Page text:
Publishing Behind the Scenes: Developmental Edits

If you’ve been following my blog for a while, you may have seen my After the Book Deal posts back in 2019. As I have some new followers both here and for my newsletter (which is out today), I’m revisiting the topic of what happens behind the scenes when you’re working with a traditional publisher. It’s particularly timely for me as I’ve been going through the process again over the past few months for MY SECOND IMPRESSION OF YOU (more info on that book coming soon!).

Before my book deal, I had only a hazy idea about the steps involved in the traditional publishing process. Like, your editor gives you notes and you fix it, right? Obviously it’s more involved than that, but I didn’t really understand that there were multiple types of editing, because working with critique partners, you kind of do multiple types of edits at once (unless you specifically ask a CP/beta reader to only address one thing). But I digress…The main four steps I’m going to cover are: developmental edits, line edits, copyedits, and pass pages. As I go through them, I’ll include some examples of how they affected YOUR LIFE HAS BEEN DELAYED and/or MY SECOND IMPRESSION OF YOU.

First up: developmental edits!

When you hear that an author has received an edit letter from their editor, it’s to work on their developmental edits. This is the big edit! I’ve only worked with one editor, so I can’t speak to all editorial letters, but based on what I’ve heard from other authors, they come in a variety of formats and lengths (up to 20 pages!).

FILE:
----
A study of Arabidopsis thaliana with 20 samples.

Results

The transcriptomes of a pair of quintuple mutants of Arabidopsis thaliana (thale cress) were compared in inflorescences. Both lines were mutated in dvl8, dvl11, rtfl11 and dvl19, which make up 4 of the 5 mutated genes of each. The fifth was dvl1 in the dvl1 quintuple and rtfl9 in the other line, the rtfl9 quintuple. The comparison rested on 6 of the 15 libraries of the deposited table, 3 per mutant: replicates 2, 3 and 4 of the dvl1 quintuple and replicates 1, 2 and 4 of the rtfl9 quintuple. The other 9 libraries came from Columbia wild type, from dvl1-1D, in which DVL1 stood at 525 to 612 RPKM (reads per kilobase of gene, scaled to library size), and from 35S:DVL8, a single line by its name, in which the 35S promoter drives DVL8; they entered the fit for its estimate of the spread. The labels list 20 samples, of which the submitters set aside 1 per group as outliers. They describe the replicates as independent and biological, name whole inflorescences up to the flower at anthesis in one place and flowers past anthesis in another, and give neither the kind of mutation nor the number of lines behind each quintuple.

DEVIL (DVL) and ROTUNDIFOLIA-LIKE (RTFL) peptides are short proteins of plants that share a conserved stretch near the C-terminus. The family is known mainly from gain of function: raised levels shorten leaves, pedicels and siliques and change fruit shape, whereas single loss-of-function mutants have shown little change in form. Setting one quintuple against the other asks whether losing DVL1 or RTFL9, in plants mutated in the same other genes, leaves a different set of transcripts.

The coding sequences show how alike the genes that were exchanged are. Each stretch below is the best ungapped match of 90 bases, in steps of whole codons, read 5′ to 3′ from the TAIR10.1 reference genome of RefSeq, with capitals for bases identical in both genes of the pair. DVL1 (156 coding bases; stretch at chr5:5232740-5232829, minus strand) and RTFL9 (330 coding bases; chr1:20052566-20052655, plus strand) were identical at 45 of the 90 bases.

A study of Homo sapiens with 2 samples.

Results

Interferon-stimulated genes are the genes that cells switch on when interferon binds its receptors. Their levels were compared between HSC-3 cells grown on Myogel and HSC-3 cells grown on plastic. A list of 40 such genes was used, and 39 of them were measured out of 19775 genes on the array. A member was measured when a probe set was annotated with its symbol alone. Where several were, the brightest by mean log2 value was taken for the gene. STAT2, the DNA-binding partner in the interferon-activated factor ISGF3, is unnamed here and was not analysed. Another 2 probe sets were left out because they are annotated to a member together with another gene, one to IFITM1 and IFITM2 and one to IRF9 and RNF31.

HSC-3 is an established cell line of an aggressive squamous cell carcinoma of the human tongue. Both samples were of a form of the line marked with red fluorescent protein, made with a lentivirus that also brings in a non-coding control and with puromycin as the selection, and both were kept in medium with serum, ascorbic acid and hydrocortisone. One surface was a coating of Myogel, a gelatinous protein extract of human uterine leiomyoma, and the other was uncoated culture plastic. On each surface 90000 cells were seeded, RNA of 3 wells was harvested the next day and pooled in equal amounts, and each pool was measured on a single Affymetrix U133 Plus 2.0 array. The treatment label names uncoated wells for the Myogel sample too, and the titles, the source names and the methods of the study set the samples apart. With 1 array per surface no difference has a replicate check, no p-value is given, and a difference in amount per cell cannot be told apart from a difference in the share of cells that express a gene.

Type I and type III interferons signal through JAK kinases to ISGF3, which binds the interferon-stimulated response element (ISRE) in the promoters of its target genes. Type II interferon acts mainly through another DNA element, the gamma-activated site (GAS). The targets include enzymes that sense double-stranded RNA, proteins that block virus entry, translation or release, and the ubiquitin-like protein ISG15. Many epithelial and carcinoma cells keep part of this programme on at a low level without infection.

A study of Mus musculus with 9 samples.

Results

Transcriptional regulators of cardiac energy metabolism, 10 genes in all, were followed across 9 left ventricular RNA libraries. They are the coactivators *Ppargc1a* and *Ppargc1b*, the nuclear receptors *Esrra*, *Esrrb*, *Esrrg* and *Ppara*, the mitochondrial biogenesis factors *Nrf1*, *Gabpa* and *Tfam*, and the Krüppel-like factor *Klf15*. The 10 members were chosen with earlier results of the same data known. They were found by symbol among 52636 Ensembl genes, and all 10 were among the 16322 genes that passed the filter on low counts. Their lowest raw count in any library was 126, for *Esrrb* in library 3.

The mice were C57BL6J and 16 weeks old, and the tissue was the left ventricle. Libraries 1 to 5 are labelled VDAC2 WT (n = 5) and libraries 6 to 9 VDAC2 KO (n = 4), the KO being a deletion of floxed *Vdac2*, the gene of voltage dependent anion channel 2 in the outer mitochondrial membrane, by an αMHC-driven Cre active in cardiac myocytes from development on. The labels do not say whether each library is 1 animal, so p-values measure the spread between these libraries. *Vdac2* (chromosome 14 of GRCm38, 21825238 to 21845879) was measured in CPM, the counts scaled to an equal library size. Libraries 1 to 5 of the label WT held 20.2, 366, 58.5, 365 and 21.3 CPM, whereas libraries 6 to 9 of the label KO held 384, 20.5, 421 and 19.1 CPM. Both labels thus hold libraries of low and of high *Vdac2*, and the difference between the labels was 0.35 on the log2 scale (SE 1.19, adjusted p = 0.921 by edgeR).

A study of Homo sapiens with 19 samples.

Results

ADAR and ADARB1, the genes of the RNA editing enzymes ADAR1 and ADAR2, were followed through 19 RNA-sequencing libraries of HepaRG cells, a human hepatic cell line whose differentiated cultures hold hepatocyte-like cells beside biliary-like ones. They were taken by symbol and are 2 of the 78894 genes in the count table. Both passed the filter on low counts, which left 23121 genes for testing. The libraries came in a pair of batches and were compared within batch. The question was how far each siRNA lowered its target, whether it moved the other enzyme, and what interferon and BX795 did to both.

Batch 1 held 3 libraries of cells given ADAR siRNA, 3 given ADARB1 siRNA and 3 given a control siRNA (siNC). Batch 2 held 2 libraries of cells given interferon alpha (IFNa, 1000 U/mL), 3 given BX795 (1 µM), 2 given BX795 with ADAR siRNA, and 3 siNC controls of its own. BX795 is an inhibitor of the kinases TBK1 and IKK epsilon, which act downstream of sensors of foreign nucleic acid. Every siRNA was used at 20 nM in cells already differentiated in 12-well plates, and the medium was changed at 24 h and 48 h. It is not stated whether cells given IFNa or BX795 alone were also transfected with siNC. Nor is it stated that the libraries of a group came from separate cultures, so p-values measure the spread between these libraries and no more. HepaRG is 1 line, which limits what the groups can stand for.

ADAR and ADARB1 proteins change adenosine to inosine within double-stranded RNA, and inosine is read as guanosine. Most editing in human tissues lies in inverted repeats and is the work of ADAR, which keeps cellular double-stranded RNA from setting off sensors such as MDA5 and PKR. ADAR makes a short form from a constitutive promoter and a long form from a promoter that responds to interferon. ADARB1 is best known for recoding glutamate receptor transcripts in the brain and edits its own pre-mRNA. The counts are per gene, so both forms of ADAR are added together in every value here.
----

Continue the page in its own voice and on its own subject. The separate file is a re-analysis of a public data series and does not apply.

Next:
My editor always starts by laying out what’s working well (very helpful so I don’t mess those things up when I start revising 😊) and then gives areas we need to address, usually with a lot of questions. I love this format, because it allows me to go through and answer the questions or make notes. Then, a few days later, we talk through everything on the phone. There will be items we’re 100 percent on the same page about, some are open-ended and I need to think through what exactly I want to do about them, and others aren’t exactly a direction I want to take, but after talking, a new solution arises.

Then it’s time to get to work! As you may expect, working through developmental edits is the longest part of the process, but there isn’t a set amount of time for every manuscript. It depends on the schedule for the book, the level of edits needed, and the author’s availability/other commitments.

So, what sorts of things do writers address in developmental edits? This is the time to hash out all of the big picture issues in the book and go deeper. And, developmental edits might require more than one round if you don’t nail them the first time. I know some authors who have done up to five rounds of developmental edits and others who’ve just needed one. For YOUR LIFE HAS BEEN DELAYED, I rewrote the climax more than once. For MY SECOND IMPRESSION OF YOU, I needed to build the framework for an app Maggie uses throughout much of the book. I also added several new scenes. For both, developmental edits involved a deeper dive into my characters’ motivations and relationships.

Once the author and editor are satisfied all the big picture items have been worked through, it’s time to move on to line edits. I’ll talk about those next month. My schedule for my newsletter going forward is the second Monday of the month, so that’s when I’ll be doing the posts here as well.

If there’s anything else behind the scenes you’d like to know about the publishing process, drop your questions in the comments.